In the Flicker of an Eyelid by Jacques Stephen Alexis (original French title: L’espace d’un cillement) is today’s Haitian Book Club Selection.
She’s known as La Niña Estrellita in the neighborhood, and her prowess as a prostitute is so widespread, that she has a large U.S. Marines clientele that lines up outside her door literally! Mezanmi o!
Lucrèce is La Niña Estrellita’s closest friend, but a prostitute herself, so really she (La Niña) doesn’t really have a guiding hand.
At a bar, La Niña Estrellita spies a man sizing her down, and she goes into a mental outrage:
“Nobody undresses her with his eyes. They usually grab her with their paws. La Niña always offers herself, men can turn her over, take her however they want, maul her, lick her, drink her, according to their vice. But they must pay up!”
At one point, La Niña drowns herself in her addictions: marijuana, opium, and chain-smoking, taking to heart the words of Dr. Chaubert: “La Niña, you’re dead; you’re already dead. it’s just that your funeral chants haven’t been sung yet.”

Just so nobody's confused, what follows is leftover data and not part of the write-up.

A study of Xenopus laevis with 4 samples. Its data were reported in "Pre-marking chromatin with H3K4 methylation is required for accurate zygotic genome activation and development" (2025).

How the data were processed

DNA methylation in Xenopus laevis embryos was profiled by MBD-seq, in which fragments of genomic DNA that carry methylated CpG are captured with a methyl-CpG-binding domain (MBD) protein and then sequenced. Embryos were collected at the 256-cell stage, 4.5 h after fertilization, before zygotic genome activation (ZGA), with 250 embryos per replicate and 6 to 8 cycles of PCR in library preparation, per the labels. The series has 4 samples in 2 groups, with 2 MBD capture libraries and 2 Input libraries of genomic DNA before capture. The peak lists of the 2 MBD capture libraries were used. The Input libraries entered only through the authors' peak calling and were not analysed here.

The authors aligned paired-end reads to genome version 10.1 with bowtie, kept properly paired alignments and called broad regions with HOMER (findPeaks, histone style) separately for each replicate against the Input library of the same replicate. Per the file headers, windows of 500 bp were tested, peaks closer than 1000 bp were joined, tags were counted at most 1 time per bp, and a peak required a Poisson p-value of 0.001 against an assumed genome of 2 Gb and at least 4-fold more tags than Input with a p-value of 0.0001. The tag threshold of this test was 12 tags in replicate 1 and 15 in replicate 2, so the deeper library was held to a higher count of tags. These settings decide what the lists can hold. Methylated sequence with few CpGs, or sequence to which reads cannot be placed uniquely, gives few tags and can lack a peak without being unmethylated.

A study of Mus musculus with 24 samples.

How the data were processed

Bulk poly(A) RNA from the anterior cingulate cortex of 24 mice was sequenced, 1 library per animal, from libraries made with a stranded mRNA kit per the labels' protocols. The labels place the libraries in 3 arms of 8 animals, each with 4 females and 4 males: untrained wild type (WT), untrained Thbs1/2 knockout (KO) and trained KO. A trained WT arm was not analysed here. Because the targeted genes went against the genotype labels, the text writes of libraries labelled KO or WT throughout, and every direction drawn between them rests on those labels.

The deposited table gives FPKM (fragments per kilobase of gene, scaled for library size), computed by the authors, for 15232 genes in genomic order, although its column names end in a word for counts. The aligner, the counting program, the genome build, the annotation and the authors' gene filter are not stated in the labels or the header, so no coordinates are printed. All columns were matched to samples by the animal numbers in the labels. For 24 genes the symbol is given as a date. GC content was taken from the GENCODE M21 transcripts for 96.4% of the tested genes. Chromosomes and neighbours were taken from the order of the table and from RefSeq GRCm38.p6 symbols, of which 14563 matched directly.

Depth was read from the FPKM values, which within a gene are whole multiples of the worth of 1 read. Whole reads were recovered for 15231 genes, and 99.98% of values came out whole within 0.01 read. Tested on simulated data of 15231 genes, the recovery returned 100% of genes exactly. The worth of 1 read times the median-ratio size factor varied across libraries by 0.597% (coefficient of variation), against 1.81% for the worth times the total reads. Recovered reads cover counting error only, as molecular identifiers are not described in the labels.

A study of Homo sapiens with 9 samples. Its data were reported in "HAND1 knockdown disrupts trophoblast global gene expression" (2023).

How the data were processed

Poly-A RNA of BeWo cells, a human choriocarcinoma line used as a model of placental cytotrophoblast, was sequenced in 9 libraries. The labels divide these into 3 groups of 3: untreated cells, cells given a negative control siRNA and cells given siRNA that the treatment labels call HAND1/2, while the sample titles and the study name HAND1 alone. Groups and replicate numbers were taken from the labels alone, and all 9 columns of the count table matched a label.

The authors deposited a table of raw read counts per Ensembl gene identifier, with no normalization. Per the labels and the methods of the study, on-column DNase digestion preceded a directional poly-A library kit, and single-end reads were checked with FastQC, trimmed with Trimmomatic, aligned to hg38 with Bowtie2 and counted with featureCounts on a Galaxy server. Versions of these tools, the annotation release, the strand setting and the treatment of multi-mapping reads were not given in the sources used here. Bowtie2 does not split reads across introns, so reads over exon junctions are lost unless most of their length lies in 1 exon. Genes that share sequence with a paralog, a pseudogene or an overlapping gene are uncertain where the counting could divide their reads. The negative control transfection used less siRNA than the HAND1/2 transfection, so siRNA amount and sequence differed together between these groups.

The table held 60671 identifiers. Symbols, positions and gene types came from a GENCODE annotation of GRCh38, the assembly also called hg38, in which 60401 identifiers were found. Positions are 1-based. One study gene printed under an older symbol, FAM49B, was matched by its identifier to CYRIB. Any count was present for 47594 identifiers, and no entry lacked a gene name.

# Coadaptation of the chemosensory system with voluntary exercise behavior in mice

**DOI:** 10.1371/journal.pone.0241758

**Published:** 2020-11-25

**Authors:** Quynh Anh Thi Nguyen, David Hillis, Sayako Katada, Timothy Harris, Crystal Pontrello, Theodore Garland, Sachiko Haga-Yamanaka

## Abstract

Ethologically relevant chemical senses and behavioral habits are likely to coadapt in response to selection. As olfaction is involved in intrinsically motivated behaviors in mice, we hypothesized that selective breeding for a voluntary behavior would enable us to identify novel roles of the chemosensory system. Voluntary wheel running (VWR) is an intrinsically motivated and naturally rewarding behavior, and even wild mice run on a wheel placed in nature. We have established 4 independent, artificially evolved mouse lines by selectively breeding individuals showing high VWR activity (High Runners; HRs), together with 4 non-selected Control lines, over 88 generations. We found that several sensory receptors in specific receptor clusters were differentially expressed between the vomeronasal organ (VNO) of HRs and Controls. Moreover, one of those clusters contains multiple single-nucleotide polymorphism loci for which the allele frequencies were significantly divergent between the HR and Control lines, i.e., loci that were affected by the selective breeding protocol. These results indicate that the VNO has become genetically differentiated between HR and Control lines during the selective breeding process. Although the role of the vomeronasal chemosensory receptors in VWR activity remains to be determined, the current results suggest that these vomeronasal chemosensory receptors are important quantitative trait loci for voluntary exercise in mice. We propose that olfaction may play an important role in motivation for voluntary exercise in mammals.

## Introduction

At the crux of In the Flicker of an Eyelid is the central question: can a woman of ill-repute be permanently reformed by love? Love, in this case, as in the love of El Caucho…Rafaël.
And then there is also this link to Cuba and Haiti too. La Niña Estrellita lives in Haiti in the 1950s (the novel itself opens in 1948), but she was born as Eglantina Corrarubias, a Cubana.
But back to the main question…can a harlot be saved? Mary Magdalene was, but El Caucho is no Christ. When the novel ends with an uncertain note, the reader isn’t angry but is grateful for having had served this story of the personal search for self and redemption, with oppression in the background.